Monday, September 10, 2012

Panda Diplomacy

Panda Diplomacy

Or Why A. Zell Williams doesn't like pandas

I am the new guy in town, sort of.  I had the pleasure of having my play, In A Daughter’s Eyes, premiere at InterAct in the spring of 2011.  I spent a few weeks in town for rehearsals, interviews, and the occasional visit to Pat’s.  And just as I began to develop a crush on Philly, I was torn away to finish grad school in New York.  So it is a thrill to spend the next ten months living in the home of The Roots, Billy Paul, and Terry Gross.

I know the importance of making a good first impression.  But I also I know that great relationships are built on foundations of truth and honesty.  So while this declaration may distance myself from a few of you, I say it to display my conviction:

…I can’t stand pandas.

Never have liked them.  Never understood why other people seemed to be endlessly enthralled by a creature whose main hobbies include sitting, stick-chewing, and not mating.  The scientific community will not even fully classify the panda as a bear or a raccoon, which I find insulting to the cunningly sly, scrap-sorting, sexual dynamo that is the noble Trash Bandit.

According to today’s sole source of knowledge, Wikipedia, the concept of giving a panda to foreign countries has been looked upon as an act of diplomatic graciousness since the days of the Tang dynasty in the early fifth century.  Chinese leaders would bequeath the “bear” upon unsuspecting diplomats, calling it a show of friendship and admiration.  But I ask you in all seriousness, what did the recipient country really receive in this exchange?  An animal the recipient country would have to take care of all for something that was not only a laggard, but that the children could never interact with.  China got others to pick up the check for their pet care bills.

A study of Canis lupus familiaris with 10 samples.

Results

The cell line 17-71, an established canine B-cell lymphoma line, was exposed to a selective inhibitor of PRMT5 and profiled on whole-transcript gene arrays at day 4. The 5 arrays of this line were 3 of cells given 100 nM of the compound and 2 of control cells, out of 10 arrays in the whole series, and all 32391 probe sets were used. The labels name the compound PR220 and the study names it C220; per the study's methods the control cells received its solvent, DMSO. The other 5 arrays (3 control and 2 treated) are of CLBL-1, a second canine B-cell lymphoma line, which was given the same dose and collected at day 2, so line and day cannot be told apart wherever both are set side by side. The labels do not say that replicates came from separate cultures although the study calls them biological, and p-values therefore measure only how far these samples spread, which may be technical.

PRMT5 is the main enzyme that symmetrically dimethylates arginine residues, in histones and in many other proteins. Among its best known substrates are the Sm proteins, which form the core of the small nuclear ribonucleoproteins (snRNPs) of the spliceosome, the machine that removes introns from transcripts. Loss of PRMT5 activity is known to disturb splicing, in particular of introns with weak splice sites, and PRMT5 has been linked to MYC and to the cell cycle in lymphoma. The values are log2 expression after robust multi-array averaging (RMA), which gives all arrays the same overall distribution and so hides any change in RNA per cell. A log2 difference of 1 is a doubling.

Those of you who have heard of theatre companies hosting playwrights-in-residence may have noticed some overly harmonious similarities between that position and the description of the day-to-day life of the semi-comatose “BEAR.”  You hear that your local theatre is paying a writer to come into the office and... be writer-y, or whatever.  The same institutions constantly soliciting you for donations is hiring someone whose work - or even presence - you may never see?

Well, Philadelphians, today I make you a promise: There will be no pandas in InterAct.  I am not here to be stared at from a safe distance, nor am I meant to be a photo op for the company’s website or donor events (though I am more than happy to take a picture with you, should you drop by.)  I am here to learn about and from you.  Yes, I have thoughts, concerns, and non-panda related opinions that I hope to share during my tenure.  But I want my residency to be a period of exchange, not of exhibition.

The company’s Artistic Director, Seth Rozin, and I have begun to outline events to welcome in both the current InterAct audience, but the surrounding community.  I will be seeing shows by and visiting other theatre companies in Philly and asking them to share in conversations around issues affecting the cultural landscape.  I will also be presenting new plays and partaking in the celebration of the company’s twenty-fifth anniversary and the fifteenth anniversary of the National New Play Network.

I have nothing against the existence of lackadaisical, quasi-ursidae.  I understand that the numbers of patrons that visit the San Diego, Memphis, and D.C.’s National Zoos simply to observe the wanna-bear make me an outliers amongst a great deal of Americans.  Nor do I harbor any ill-will toward playwrights-in-residence who are rarely seen or heard.  The act of writing alone is emotionally taxing, life-consuming, and often undervalued.  Both the panda and the dramatists-in-hermitage are what they are.  But so am I.  And my goal for the season is for us to show each who we are.